Presentation on theme: "NSS Assessment and Feedback Scores: Success Stories Serena Bufton."— Presentation transcript:
NSS Assessment and Feedback Scores: Success Stories Serena Bufton
Workshop Aims To discuss the factors contributing to high scores for 'Assessment and Feedback' in the National Student Survey. To explore the practical steps that course teams can take to improve student satisfaction in relation to assessment and feedback.
Context The Faculty Assessment Group commissioned an investigation of courses which gained good scores for Assessment and Feedback (2013) to reveal the factors that underpinned these scores. An examination of the NSS scores for Assessment and Feedback (2013) revealed that eight courses had raised their scores by 10% or more since the preceding year and exceeded the Faculty average score of 73% or met/exceeded the University target score of 85%. Two of these courses had very few students (3 and 6 respectively). The remaining six courses had L6 student cohorts ranging from 26 to 87 and the course leaders of these courses were interviewed. Four out of these six courses were in ECI.
What did course leaders think lay behind their good scores? A strong course identity and good personal relationships between tutors and students. The clear articulation of learning outcomes with assessment/marking criteria, the discussion of these with students during teaching and their use in formative assessment/feedback and learning activities. A course approach to the use of detailed marking/feedback grids which are: Used on all modules; Aligned with the learning outcomes and assessment criteria; Discussed with students during teaching; Accompanied by points for further development; A focal point for the academic support of students and teaching sessions in study skills modules.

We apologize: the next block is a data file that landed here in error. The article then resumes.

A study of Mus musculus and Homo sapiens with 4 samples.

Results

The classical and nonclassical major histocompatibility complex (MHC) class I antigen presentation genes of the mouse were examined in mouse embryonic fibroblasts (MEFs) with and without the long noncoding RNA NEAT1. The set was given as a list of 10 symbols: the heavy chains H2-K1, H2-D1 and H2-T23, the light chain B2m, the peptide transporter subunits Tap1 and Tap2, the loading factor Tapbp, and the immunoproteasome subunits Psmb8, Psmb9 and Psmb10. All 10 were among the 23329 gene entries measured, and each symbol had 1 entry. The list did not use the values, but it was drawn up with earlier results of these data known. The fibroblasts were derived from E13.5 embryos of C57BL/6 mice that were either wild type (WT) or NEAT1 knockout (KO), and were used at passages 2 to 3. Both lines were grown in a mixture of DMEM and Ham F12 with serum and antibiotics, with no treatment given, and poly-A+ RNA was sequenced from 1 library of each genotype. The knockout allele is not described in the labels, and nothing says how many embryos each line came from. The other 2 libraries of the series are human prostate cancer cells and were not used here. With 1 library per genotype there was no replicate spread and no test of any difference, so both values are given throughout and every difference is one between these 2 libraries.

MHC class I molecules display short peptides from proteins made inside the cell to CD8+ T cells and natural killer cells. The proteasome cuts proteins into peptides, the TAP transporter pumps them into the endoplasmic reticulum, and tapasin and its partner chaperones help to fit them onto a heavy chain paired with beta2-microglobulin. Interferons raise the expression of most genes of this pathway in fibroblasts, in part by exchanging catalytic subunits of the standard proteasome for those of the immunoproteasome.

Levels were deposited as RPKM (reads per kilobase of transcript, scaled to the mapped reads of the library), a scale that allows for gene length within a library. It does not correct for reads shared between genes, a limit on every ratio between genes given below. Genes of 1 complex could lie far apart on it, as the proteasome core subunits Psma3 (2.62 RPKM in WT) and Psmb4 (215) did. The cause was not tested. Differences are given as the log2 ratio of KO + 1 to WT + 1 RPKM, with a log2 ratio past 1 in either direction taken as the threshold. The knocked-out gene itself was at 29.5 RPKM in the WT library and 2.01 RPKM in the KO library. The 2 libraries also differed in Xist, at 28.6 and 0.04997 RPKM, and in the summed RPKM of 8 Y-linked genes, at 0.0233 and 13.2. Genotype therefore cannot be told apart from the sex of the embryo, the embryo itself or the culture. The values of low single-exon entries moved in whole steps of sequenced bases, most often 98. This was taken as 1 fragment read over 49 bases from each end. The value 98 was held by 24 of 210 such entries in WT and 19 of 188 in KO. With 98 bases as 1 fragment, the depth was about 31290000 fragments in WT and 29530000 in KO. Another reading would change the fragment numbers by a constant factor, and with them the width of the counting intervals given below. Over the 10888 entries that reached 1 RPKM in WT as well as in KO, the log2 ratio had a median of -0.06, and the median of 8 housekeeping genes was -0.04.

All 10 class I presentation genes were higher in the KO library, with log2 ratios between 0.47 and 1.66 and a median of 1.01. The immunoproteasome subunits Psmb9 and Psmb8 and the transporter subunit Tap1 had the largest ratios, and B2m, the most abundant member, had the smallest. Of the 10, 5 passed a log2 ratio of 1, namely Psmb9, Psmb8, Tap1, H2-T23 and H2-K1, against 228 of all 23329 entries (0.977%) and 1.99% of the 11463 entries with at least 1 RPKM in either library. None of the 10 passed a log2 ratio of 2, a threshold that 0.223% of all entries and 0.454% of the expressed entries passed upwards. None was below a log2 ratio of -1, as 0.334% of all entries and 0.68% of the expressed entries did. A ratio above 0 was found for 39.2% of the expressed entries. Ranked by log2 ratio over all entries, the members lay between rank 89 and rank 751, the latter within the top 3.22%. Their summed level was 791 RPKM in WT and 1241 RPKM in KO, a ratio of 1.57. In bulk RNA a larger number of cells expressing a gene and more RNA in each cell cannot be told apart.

Follow-up Case Study This took place in ECI. Three of the courses were relatively small cohorts (26, 28 and 46 students) and one was relatively large (72 students). Yet the overall score for Assessment and Feedback was only slightly lower on the larger course. Question: can larger courses replicate for students the positive ‘small- course experience’ that may be linked to good NSS scores? What are the essential features of this and how is it achieved in the larger course?
Questions explored in the follow-up study Are the good scores for assessment and feedback linked to the marks students achieved? (That is, are the marks for students on this course higher than those on other courses?) No Is the teaching resource for this course generous in comparison with that for other courses? No What is the approach to NSS? Nothing special Is there anything atypical about the students or the tutors? Yes How are students supported? How is course identity established?
How are students supported? A strong system of academic support. Robust links with Student Support Officers and Help Desk to provide an integrated approach to student support. Additional tutorial support which goes beyond the formal hours allocated to this and is given by tutors ‘to their cost’. ‘Students need time with you.’
How is course identity established? Some features of the course make this easier. For example, students share similar career aspirations – most of them go into jobs in the ‘caring’ professions (social work, teaching, charity work, children’s services, nursery management, early years management etc). Other factors underpinning course identity are hard to isolate but the following are thought by the course leader to be key: Good course organisation. Good personal relationships students and study support officers in a ‘joined up’ system. Good channels of communication so that problems can be easily identified and quickly dealt with.
Where does this leave us? It appears that there are some concrete changes around assessment and feedback that can be used to improve student satisfaction, such as the consistent use of a feedback model across the course and a course design in which students need to read and act on this feedback. However, other factors which underpin good scores in assessment and feedback are less tangible and appear to cluster around a sense of course identity and good relationships between students, tutors and student support officers in a ‘joined-up’ system. Where these exist, they may underpin good scores across the NSS categories.
Discussion Question In a scenario of large student cohorts and a pressurised teaching resource, what concrete steps can we put in place to enhance student satisfaction with assessment and feedback?